WARNING: Spoilers for the movie 'Green Room' below. Proceed with whatever level of caution you punks see fit.
Jeremy Saulnier's punks vs. skins thriller Green Room is not for the faint at heart.
I’ve never been a punk, nor a punk rocker, nor really much of a punk rock fan, so maybe I’m not the audience for this movie. Maybe it was the unfortunate seat in the second row — so close to the screen, so close to the unflinching carnage. Maybe it was the sub-par cheeseburger and milkshake afforded to me by the Alamo Drafthouse in Richardson, Texas. Maybe it was none of those things. In any case, Green Room was an unpleasant experience saved by intriguing actors and some admittedly impeccable craftsmanship.
Starting out, Jeremy Saulnier’s film is a slice-of-life of the sort of hand-to-mouth existence small-time punk bands encounter on the road: getting drunk, getting lost, betting on sketchy venues to make a measly three hundred bucks. Anton Yelchin, Callum Turner, Joe Cole, and Alia Shawkat (Arrested Development) are the college-age youngsters in search of the next gig; their raw energy and dirty roadie allure a mere tough exterior they portray. As we soon find out, they’re urbanites from Portland inexperienced in the ways of mortal peril.
A friendly tip leads them to the backwoods of Oregon and a seedy venue that’s “right-wing, or maybe very far left.” It’s neo-Nazi territory, and that reality becomes all too real when Yelchin’s guitarist walks in on something he wasn’t supposed to see. The gang of skinheads, led by a muted and subtly malevolent Patrick Stewart, shut down all escape routes and 911 rants, so the terrified musicians lock themselves inside their green room with a crying bystander (Imogen Poots) and the crime in question:
A young woman laying on the floor with a bloodless shank sticking out of her temple, her killer standing over her with a sneer and a twitchy gait, just ready to yank out the shank when someone spits out: "Where's the blood?"
What follows may be a delirious siege; a slash-and-dash piece of horror; a claustrophobic thriller that knows the grime and grim nature of this world, and knows how to write characters whose dumb choices make sense for them. Those details don’t make the story at heart any less depressing though. I’m typically not one to balk at gratuitous violence, and to be honest I can't even call it gratuitous here. However, I do require either emotional investment or, you know, "fun," to handle something like:
A man getting choked to death to the point where his stomach rips open, intestines spilling out from beneath his shirt
The four characters are barely on screen fifteen minutes before shit hits the fan. The audience barely knows them enough to care about who lives or who dies. The average horror film gets by on a cavalier attitude because it’s not taking anything seriously. It’s an exercise in Friday night carnival barking — come see your favorite young studs and starlets get hacked to bits in cartoonish style. Except Green Room isn’t cartoonish in the least. The production design is so authentic you can almost smell the molding walls and steaming wounds, particularly when:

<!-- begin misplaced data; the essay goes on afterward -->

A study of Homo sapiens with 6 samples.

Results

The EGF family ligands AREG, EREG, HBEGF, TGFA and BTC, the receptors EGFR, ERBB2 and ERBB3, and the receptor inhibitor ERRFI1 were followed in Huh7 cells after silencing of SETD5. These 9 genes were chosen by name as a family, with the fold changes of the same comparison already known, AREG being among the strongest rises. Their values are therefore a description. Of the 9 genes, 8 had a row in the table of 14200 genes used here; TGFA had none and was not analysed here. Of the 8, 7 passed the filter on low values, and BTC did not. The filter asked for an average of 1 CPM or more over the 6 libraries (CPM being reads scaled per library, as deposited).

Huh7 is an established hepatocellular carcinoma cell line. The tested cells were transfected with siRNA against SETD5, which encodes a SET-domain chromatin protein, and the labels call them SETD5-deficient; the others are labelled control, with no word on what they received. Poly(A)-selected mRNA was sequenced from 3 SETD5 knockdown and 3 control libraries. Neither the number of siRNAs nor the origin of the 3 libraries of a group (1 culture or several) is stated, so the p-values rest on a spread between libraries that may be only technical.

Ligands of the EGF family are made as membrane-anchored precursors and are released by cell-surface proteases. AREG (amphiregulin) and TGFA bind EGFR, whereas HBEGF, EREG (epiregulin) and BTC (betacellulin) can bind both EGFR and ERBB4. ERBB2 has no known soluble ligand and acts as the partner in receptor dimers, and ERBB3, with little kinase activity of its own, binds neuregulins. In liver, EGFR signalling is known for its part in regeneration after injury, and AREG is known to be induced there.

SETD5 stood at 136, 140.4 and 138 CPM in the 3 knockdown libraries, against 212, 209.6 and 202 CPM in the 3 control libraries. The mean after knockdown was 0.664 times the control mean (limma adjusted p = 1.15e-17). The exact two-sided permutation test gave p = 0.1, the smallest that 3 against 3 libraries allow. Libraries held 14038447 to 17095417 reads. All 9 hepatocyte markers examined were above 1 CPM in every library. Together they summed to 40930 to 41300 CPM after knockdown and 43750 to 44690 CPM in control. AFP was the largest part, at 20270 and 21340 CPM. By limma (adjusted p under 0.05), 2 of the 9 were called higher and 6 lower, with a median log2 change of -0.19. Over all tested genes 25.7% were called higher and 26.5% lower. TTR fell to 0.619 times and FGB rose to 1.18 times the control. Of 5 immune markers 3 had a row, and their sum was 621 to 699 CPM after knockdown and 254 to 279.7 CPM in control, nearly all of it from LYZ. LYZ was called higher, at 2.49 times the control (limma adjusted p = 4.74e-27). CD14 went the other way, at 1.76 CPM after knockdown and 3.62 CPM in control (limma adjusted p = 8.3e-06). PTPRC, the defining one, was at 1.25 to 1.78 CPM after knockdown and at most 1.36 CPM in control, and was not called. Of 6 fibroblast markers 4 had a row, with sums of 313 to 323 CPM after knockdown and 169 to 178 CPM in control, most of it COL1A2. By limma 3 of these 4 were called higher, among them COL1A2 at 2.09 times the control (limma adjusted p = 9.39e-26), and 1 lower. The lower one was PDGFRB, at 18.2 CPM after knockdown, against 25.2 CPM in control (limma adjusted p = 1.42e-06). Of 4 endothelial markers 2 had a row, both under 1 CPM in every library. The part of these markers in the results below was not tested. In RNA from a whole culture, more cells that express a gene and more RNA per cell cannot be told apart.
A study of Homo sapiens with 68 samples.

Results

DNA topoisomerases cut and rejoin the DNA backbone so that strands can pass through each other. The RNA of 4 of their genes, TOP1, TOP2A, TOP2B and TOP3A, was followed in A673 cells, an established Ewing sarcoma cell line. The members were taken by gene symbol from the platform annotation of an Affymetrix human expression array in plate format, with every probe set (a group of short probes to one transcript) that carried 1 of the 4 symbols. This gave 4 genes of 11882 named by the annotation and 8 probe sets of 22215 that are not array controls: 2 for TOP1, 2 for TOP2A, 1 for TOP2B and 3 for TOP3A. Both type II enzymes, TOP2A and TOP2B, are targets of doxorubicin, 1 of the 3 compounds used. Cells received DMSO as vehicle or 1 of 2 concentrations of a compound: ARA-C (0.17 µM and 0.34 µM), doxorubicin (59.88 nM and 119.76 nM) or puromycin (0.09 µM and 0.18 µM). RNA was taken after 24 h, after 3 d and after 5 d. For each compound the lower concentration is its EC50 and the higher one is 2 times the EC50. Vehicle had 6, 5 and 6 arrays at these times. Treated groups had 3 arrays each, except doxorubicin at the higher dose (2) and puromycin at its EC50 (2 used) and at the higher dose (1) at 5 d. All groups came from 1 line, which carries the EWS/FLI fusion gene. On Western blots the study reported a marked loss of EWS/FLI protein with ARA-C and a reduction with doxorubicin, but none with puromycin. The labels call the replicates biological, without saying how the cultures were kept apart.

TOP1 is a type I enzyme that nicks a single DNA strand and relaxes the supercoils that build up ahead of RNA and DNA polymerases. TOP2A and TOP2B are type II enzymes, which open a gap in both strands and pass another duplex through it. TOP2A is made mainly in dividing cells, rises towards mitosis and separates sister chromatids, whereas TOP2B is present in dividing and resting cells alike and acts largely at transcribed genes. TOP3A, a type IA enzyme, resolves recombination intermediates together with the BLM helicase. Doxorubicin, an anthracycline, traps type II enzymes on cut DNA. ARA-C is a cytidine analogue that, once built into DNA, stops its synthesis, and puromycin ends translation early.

Yelchin's arm is sliced up by a machete, his hand dangling at the edge of his wrist, the bloodcurdling sounds escaping from him nearly as disturbing as the image itself
The cast sell it all to hell and back. Anton Yelchin does in-over-his-head better than anyone, and Joe Cole stands out as the wannabe action hero of the group. He’s pretty damn good with jiu-jitsu but can’t tell the difference between bullets and cartridges. In fact, nearly every character is projecting something that they aren’t. Imogen Poots is a funky-haired gal hanging out with neo-Nazis because black people scared her as a child, but when push comes to shove she can’t hack it. Literally. She’s not one of them. She’s a scared little fish from a small pond surrounded by lizards.
The most interesting of those lizards isn’t Patrick Stewart’s baritone club owner Darcy, it’s actually one of his underlings. Macon Blair is wonderfully understated as the second-in-command who doesn’t get his hands dirty, and you get the feeling it’s not because he’s a professional like that or some such nonsense — it’s because deep down he’s not a murderer. He’s doing this because it’s all he knows. If Saulnier brings any depth to this sordid affair it’s in the margins, where an underlying theme of learned aggression is laid bare.
Much like the gaggle of angry young men following Darcy around, there are actual weaponized lap dogs at their disposal — pit bulls to be exact. These animals have clearly been bred for dog-fighting. Their aggression is a learned behavior, ingrained from puppyhood by their sadistic masters — an extension of Saulnier’s potent, if haphazard, statement on the nature of violence and prejudice in America. In spite of itself, his punks vs. skins battle royale is sadly relevant to the country’s current political landscape.
For me, Green Room gets a B-. It wants that slasher aura while also maintaining its street cred, making everything — every gunshot, every stabbing, every machete slice — feel real as fuck, man. For someone with a full belly and a front seat, it’s stomach-churning, unnerving, and uncomfortable watching human depravity up close without much release. A greasy ensemble and engrossing thesis make Green Room bearable. Maybe I’m just getting old.